The apprenticeship system in England is currently going through its biggest change in decades. With new, business-led apprenticeship standards available for the hospitality, retail, aviation and travel industries - and the government’s apprenticeship levy due to kick in next April – there’s never been a better time to make apprenticeships part of your talent strategy.

Apprenticeships are also a proven solution to tackling staff turnover – 80% of companies who invest in apprentices report an increase in staff retention.

Whether you’re already employing apprentices or are dipping your foot in the water for the first time – if you want your business to really benefit from the new system, here’s what you need to know...

1. All businesses with a pay bill of over £3 million must pay an apprenticeship levy from April 2017.

The government is introducing an apprenticeship levy in April 2017, to encourage employers to commit to employing apprentices and growing their productivity. Employers with a pay bill over £3 million will have to pay an annual levy of 0.5% of their pay bill, which can only be recouped when they employ and train apprentices.

TIP: If you want to make sure you get the best results from your levy payment, you need to start planning now. You should work out what impact it will have on your business and develop an apprenticeship strategy to ensure you maximise your return on the levy investment. For a summary on the apprenticeship levy, watch our short video.

2. The new standards define the skills, knowledge and behaviours required for a given job role.

The new-style apprenticeships have been developed by employers and state exactly what an apprentice should be able to do once they complete their programme. This is very different from the existing apprenticeships, which specify a collection of qualifications an apprentice must take.

TIP: Look across your business to see which of the new standards, covering entry level through to managerial roles, can be used to develop your talent and increase productivity and retention.

3. The training is not prescribed, so you can choose in-house or external programmes.

You have flexibility in the training your apprentice undertakes as long as it meets the apprenticeship standard - so you can decide the combination of training that best suits your business needs. 

TIP: Think about the internal and external programmes that will benefit your business, and how they meet the standards. For support on implementing the new standards, join one of our upcoming webinars or seminars.

4. You can use an external training provider or your in-house team to deliver the training.

If you plan to use an external training provider, you’ll need to identify the one that best meets your needs. All apprenticeship providers must be on the Register of Apprenticeship Training Providers (which is currently being established).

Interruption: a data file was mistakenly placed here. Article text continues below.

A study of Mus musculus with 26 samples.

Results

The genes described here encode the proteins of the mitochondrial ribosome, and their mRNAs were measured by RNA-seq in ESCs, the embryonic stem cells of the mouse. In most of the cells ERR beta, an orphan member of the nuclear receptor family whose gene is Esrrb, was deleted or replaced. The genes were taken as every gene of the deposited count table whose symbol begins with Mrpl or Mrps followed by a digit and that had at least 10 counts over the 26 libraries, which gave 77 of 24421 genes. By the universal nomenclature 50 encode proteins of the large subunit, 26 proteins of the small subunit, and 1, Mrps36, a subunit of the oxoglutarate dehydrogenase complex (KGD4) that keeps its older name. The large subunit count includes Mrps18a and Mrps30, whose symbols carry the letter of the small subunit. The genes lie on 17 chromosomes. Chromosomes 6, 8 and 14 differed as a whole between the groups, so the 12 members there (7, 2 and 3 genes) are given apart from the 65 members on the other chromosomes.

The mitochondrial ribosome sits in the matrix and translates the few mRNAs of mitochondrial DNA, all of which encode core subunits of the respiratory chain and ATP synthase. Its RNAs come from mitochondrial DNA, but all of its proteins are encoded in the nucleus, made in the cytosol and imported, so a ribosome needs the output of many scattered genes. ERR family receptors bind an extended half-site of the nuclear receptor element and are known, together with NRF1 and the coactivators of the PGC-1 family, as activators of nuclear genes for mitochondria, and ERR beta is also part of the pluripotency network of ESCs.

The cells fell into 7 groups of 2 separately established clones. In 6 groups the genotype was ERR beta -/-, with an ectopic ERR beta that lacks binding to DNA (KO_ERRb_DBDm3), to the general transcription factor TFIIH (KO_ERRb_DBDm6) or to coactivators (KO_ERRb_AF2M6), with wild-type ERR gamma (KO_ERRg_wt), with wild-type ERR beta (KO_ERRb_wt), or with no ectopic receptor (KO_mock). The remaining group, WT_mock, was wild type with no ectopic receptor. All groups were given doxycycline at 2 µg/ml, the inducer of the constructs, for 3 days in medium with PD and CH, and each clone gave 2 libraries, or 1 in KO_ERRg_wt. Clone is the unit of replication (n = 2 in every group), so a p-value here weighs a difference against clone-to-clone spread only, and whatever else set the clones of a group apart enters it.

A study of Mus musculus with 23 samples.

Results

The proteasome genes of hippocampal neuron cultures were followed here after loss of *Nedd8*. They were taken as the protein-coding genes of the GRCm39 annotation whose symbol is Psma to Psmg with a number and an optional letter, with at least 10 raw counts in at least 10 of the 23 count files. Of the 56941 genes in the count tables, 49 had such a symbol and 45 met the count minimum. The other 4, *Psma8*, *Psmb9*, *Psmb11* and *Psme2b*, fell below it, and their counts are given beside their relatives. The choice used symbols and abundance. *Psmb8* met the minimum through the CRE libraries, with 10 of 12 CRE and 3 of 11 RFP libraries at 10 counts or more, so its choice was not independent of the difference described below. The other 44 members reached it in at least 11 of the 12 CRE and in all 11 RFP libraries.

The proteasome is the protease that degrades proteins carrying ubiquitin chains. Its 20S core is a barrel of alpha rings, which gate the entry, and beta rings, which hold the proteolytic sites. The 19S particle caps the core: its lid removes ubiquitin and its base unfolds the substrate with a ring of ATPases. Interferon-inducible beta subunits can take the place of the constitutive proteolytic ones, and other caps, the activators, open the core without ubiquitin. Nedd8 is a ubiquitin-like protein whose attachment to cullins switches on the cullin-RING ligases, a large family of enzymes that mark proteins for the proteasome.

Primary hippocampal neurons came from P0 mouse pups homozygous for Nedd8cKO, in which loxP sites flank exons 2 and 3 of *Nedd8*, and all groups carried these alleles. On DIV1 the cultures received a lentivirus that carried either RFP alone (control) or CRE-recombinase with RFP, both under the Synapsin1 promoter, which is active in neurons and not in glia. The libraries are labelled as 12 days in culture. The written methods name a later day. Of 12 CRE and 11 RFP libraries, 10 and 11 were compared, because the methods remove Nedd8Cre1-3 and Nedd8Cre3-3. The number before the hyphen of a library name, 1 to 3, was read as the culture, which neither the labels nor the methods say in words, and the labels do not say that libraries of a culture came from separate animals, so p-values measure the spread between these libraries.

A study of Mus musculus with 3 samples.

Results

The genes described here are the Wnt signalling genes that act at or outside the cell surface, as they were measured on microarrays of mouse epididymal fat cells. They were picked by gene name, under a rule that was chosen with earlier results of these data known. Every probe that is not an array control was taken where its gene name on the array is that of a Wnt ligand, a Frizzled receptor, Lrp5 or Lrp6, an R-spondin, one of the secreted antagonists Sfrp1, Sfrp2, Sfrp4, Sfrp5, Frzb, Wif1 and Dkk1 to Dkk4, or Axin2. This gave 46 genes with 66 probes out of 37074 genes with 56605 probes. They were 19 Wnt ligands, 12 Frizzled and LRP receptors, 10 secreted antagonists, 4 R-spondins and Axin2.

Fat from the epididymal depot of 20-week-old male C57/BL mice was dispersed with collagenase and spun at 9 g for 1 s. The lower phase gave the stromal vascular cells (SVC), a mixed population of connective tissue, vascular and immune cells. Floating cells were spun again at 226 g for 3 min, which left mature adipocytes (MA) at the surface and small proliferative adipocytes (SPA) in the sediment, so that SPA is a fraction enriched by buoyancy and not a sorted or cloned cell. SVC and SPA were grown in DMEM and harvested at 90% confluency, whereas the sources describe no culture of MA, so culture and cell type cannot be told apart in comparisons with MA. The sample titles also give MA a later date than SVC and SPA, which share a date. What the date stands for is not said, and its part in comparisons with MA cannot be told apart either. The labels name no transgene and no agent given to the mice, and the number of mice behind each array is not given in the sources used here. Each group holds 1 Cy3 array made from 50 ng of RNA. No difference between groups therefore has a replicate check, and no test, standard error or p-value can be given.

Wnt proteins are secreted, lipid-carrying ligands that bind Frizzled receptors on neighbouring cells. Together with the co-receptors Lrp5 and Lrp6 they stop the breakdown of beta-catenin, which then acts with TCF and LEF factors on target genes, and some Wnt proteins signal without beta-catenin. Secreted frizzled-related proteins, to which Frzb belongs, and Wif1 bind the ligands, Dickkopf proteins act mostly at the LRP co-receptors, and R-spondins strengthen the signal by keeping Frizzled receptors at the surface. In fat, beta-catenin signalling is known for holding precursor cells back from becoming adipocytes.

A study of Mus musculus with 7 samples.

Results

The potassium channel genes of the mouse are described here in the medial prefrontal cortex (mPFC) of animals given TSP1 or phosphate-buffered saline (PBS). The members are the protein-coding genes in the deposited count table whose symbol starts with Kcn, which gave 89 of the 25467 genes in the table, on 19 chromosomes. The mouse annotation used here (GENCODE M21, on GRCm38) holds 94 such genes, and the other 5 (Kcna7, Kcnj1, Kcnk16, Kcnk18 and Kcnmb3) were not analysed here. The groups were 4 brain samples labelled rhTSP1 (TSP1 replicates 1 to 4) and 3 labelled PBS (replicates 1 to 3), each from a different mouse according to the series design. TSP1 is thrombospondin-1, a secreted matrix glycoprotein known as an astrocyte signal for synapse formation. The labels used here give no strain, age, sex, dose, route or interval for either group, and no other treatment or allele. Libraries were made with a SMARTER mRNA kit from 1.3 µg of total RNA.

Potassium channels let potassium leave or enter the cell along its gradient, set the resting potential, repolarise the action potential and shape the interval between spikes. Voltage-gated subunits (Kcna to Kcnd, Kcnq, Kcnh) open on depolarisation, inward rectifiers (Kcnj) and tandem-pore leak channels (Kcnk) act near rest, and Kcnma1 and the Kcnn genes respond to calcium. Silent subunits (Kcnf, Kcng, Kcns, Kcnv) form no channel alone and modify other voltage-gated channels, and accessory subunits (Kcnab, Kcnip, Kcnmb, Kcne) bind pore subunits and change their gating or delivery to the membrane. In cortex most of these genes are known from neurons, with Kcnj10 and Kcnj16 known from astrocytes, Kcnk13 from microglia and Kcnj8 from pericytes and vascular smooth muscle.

Alternatively, if you choose to deliver the training in-house, you’ll need to register your business as a provider on the Register of Apprenticeship Training Providers.

TIP: Think about which of the above solutions will work best for your business. If you decide to work with a provider, you should start putting together a shortlist of organisations you want to speak to. Our accredited provider network – recognised for their excellence in training delivery – can help you find training providers with a particular specialism in your industry. You’ll also be able to find registered providers through the Digital Apprenticeship Service, available to levy paying employers from February 2017 and non-levy paying employers from 2018.

If you decide to deliver apprenticeship training in-house, this guidance document from the Department for Education will help to take you through the steps involved.

5. All apprentices will need to go through an end assessment to ensure they meet the standard.

Apprentices must pass an ‘end assessment’ at the end of the programme, which checks their competence and ensures the apprentice is ready to progress.

As an employer, you’ll be responsible for deciding when your apprentice is ready for the assessment, and you’ll need to be confident that they have covered the full standard. Their progress should be regularly reviewed and recorded throughout the programme.

You’ll need to choose an assessment organisation to carry out the end-point assessment, and your training provider will contract with them on your behalf. If you’re delivering the training yourself, you will need to contract with them directly.

TIP: To find assessment organisations that are approved to assess the standards in our industries you’ll be able to search the Register of Apprenticeship Assessment Organisations via the Digital Apprenticeship Service.

Supporting documentation, including a guide to apprenticeship training and on-programme progression template, will be available from People 1st.